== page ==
Final Report Summary - EPIGENCHLAMYDIA (Contribution of molecular epidemiology and host-pathogen genomics to understand Chlamydial trachomatis disease)

The main theme in the EPIGENCHLAMYDIA project is Chlamydia trachomatis (CT) infection which is responsible for both the world leading cause of blindness (trachoma) and the most prevalent sexually transmitted disease which is strongly associated with pelvic inflammatory disease, ectopic pregnancy, and tubal infertility. Prevalences are increasing worldwide with almost 100 million new infections each year.

Twin study-based findings of members of this consortium estimate that there is a 40 % genetic predisposition to CT infections (Bailey et al., Drugs of Today, November 2009) forming the basis. The overall goal of the EPIGENCHLAMYDIA project is to accommodate the optimal environment to build and prepare a consortium to reliably determine the genetic predisposition to CT infection, to develop diagnostic tools that can determine individual's predisposition to infection and the risk to develop late complications, and to enhance knowledge of the CT-host interaction, in order to allow the development of novel tools for the detection and treatment of and vaccine development for CT infections.

The aims and work of the EPIGENCHLAMYDIA consortium highly contributes to public health. The results of the EPIGENCHLAMYDIA project has been chosen by the international network Genome-based Research and Population Health (GRaPHint) as a best practice example for the development of innovative tools for diagnosis and treatment of Host genetic determinants of infectious diseases (HGDoID) for the benefit of population health. In close collaboration with the Public Health Agency Canada (PHAC), the centres for disease control and prevention in the United States and the European Centre for Disease Prevention and Control (ECDC), a high-level meeting will be held in the end of 2010 in Maastricht, the Netherlands, to increase political awareness about the relevance of this topic for public health.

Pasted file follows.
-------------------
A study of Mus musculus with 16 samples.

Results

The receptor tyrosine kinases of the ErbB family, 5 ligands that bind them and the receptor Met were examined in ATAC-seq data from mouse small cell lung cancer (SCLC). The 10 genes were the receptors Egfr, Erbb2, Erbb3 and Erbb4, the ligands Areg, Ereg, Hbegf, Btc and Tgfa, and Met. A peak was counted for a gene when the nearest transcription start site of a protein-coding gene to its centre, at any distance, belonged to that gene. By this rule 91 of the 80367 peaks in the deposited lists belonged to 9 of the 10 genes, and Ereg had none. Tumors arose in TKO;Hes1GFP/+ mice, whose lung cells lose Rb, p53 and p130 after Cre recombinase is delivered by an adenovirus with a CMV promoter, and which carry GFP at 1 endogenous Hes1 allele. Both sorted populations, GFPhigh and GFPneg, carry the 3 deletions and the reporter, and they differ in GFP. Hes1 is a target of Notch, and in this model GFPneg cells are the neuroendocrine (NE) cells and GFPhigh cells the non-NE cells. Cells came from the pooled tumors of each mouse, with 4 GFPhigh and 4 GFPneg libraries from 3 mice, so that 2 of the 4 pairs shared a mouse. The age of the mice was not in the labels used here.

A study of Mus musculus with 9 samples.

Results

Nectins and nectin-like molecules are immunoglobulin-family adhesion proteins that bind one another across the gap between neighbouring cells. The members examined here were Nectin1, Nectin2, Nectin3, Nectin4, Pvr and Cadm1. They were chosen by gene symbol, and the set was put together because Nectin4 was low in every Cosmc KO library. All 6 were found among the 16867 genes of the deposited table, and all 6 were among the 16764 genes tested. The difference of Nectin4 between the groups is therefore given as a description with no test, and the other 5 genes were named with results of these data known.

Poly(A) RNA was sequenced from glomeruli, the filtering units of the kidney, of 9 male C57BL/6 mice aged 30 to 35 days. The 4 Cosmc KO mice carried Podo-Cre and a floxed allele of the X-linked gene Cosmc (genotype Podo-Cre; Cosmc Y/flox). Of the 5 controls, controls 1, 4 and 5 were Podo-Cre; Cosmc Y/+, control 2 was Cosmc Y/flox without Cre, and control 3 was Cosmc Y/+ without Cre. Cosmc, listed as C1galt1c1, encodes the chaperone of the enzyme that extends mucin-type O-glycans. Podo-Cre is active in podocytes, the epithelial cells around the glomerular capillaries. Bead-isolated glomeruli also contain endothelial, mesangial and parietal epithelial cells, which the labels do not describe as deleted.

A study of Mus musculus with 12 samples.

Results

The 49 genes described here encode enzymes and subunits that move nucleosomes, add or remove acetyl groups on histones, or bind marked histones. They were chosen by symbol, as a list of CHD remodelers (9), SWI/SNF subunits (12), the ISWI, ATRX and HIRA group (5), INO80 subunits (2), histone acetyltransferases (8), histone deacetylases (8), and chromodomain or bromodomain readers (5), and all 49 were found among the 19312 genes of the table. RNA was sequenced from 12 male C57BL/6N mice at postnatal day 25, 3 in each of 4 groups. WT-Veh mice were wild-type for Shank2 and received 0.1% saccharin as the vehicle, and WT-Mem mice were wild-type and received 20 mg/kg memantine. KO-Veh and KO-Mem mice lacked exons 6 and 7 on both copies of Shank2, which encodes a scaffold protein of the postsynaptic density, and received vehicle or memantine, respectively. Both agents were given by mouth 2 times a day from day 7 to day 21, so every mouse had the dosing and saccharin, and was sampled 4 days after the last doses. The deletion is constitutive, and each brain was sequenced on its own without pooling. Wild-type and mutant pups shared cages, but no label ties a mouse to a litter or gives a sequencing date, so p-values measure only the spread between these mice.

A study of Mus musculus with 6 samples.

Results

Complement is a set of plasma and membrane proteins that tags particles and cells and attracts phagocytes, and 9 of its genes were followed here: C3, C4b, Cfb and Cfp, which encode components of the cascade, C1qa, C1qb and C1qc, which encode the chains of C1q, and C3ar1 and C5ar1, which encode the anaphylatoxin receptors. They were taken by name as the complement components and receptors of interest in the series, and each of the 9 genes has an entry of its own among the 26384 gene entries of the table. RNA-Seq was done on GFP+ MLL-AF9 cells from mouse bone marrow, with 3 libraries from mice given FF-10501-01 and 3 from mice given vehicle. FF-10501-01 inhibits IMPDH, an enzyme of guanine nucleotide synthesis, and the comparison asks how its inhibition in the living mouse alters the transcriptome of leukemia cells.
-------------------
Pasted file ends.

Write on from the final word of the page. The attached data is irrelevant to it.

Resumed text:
To timely translate the findings of the EPIGENCHLAMYDIA project into health policy and practice, the project consortium has been extended by involving the Public Health Genomics European Network (PHGEN). PHGEN is a cornerstone in the development of public health genomics in Europe. It is coordinated from the European Centre of Public Health Genomics (ECPHG) in Maastricht and funded by the General Directorate for Health and Consumer Protection (DG SANCO) under the Health Programme. Within three years, PHGEN will produce the first edition of 'European best practice guidelines for quality assurance, provision and use of genome-based information and technologies'. The guidelines assist Member States, applicant and EFTA-EEA countries with evidence-based guidance on timely and responsible integration of genome-based information and technologies into healthcare systems for the benefit of population health.